Puttees provided ankle support and stopped muck,
debris and critters from getting into the boots
Newfoundland’s governor answered Britain’s call to arms in August 1914 with a promise: the dominion would raise a regiment, enlisting the first 500 soldiers within a month.
But with Newfoundland’s situation—a population of only 241,000, a depressed economy, and the last military unit stationed on the island disbanded since 1870—how could the citizens’ committee so charged recruit, train and equip the Newfoundland Regiment?
“Your King and Country Need You! Will you answer your country’s call?” asked an Aug. 22 advertisement encouraging men 19 to 35 to enlist “for the duration of the war, but not exceeding one year.” Pay was a dollar a day, plus rations. By Sept. 2, 743 men had answered the call, and the First Five Hundred (537 actually) were accepted and began training.
The mad scramble to equip them followed. With the lack of khaki material for regulation puttees, blue ones used by the Church Lads Brigade were substituted. Why this was done is debated to this day, said Kerri Button, curator of First World War Projects at The Rooms in St. John’s. Was it strictly a khaki shortage, or was it in honour of an elite brigade who wore them in the Boer War?
Why puttees at all? Blame the British Empire. Himalayan tribes wore leggings called ‘patti’, the Hindi word for bandages. Puttees were slowly adopted in the 19th century as, some say, mounted British troops in tense situations in India found khaki (Hindi for dirt or dust) better camouflage than colourful uniforms and shiny boots.
Puttees also provided ankle support and stopped muck, debris and critters from working their way down into the boots or up the trousers. Wool puttees kept in body warmth even when wet—a useful feature in the muddy battlefields, drenched trenches and pond-like craters of the First World War. And they looked neater than flapping trouser legs.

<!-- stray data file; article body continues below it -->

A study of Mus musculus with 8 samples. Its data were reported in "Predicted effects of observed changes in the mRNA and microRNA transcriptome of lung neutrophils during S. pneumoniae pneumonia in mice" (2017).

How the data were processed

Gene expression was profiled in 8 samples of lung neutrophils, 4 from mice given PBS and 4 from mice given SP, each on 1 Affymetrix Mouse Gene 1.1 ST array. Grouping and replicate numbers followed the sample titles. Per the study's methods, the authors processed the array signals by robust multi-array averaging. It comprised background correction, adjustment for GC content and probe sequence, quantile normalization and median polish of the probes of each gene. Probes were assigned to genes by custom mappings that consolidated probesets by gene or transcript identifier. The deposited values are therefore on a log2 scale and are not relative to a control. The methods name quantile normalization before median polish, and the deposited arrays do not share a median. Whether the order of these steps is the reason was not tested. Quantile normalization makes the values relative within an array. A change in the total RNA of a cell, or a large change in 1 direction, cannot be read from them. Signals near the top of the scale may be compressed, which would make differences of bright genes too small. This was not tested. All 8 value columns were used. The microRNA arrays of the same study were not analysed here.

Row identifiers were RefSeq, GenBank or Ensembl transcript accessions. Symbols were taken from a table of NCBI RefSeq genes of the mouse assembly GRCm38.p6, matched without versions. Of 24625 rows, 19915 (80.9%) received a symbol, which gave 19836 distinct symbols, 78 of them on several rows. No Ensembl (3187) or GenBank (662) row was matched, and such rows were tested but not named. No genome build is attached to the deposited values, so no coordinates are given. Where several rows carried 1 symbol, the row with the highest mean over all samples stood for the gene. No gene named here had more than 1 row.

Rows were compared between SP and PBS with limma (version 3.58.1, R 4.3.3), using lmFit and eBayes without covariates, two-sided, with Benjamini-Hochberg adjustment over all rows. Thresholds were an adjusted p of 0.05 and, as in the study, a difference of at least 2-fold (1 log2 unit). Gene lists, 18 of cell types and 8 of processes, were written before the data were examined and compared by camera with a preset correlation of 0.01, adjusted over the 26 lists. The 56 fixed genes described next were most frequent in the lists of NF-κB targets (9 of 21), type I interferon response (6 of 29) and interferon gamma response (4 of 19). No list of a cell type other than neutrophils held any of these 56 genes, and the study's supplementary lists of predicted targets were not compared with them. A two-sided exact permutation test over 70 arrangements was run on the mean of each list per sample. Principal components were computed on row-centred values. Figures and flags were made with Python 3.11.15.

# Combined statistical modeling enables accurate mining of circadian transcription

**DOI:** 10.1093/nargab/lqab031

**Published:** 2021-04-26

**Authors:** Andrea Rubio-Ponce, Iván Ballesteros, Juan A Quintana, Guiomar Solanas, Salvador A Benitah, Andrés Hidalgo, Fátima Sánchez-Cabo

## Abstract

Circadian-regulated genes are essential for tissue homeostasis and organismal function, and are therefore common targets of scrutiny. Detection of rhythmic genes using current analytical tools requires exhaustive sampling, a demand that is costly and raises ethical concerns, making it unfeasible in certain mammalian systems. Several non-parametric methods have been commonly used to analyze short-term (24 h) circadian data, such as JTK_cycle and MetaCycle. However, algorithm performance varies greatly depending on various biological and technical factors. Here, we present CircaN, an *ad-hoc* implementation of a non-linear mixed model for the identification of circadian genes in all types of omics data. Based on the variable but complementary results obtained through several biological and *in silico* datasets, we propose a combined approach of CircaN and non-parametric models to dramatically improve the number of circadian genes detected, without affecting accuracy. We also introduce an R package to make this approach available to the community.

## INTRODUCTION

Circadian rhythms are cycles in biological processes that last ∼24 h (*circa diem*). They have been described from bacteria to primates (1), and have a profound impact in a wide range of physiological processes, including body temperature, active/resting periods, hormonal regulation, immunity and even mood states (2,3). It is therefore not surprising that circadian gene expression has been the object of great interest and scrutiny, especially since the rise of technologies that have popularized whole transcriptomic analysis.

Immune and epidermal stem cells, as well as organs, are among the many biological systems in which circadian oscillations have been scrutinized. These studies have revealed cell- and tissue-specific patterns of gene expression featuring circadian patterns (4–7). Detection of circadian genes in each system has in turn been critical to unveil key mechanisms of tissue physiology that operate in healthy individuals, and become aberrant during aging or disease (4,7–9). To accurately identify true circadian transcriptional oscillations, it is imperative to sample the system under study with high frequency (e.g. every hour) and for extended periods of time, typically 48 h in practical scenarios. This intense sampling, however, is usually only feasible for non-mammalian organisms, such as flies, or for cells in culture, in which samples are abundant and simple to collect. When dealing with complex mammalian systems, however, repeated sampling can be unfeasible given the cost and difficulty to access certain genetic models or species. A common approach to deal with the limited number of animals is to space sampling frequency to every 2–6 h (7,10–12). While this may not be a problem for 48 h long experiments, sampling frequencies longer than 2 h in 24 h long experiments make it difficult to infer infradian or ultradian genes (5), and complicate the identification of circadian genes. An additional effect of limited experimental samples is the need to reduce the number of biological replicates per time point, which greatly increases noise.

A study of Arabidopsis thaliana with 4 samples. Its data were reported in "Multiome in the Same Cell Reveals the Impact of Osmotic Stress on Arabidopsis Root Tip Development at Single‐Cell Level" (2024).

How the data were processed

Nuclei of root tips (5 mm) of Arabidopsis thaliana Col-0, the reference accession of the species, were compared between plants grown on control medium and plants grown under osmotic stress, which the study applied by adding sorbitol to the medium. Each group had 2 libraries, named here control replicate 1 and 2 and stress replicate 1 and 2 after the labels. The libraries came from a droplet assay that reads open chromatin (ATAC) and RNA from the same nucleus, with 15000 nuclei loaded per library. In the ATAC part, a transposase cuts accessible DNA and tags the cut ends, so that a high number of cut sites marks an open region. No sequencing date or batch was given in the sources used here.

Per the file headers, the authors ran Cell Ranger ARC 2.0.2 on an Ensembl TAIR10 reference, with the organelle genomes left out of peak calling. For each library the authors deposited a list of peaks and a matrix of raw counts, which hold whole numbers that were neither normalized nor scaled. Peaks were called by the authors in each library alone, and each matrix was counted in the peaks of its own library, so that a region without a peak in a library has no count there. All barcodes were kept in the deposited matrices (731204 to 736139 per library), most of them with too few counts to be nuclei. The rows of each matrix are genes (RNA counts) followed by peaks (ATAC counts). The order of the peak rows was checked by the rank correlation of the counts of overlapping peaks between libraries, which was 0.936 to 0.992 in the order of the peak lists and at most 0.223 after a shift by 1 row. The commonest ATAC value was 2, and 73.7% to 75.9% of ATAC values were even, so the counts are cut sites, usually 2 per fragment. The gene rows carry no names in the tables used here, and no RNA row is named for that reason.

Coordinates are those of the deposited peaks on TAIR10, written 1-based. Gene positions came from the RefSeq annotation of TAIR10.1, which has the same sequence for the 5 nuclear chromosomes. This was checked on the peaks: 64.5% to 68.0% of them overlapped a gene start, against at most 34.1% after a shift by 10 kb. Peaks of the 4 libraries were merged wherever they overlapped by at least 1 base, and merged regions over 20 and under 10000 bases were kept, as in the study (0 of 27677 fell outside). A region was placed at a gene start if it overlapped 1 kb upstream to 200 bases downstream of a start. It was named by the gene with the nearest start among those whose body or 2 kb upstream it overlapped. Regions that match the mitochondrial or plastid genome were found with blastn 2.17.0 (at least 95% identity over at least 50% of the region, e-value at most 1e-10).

Puttees became part of the British uniform by the Boer War, and the fashion slowly spread to other armies. Cheaper than tall boots or gaiters, they were a budgetary boon in outfitting millions of soldiers with footwear. Even the high-booted Germans turned to puttees when leather supplies ran short.
To wear them, troops folded trouser bottoms against their legs, and, starting below the top of their ankle boots, wrapped the nine-foot strips in an overlapping spiral from ankle to two finger widths below the knee, clockwise on one leg, counter-clockwise on the other. They were tied off with attached half-metre tapes.
Although the regiment retained the nickname Blue Puttees, or the Blues, throughout the war, said Button, the Newfoundlanders were issued with standard British khaki puttees shortly after their October arrival in England.
In the Second World War, the 48th Highlanders of Canada also donned blue puttees when web anklets were unavailable, earning them the nickname The Glamour Boys. During an inspection, King George VI admired the blue puttees and said the regiment should keep them.
Puttees were phased out gradually, beginning with the Second World War, as the Canadian Army replaced them with canvas web anklets, then taller combat boots.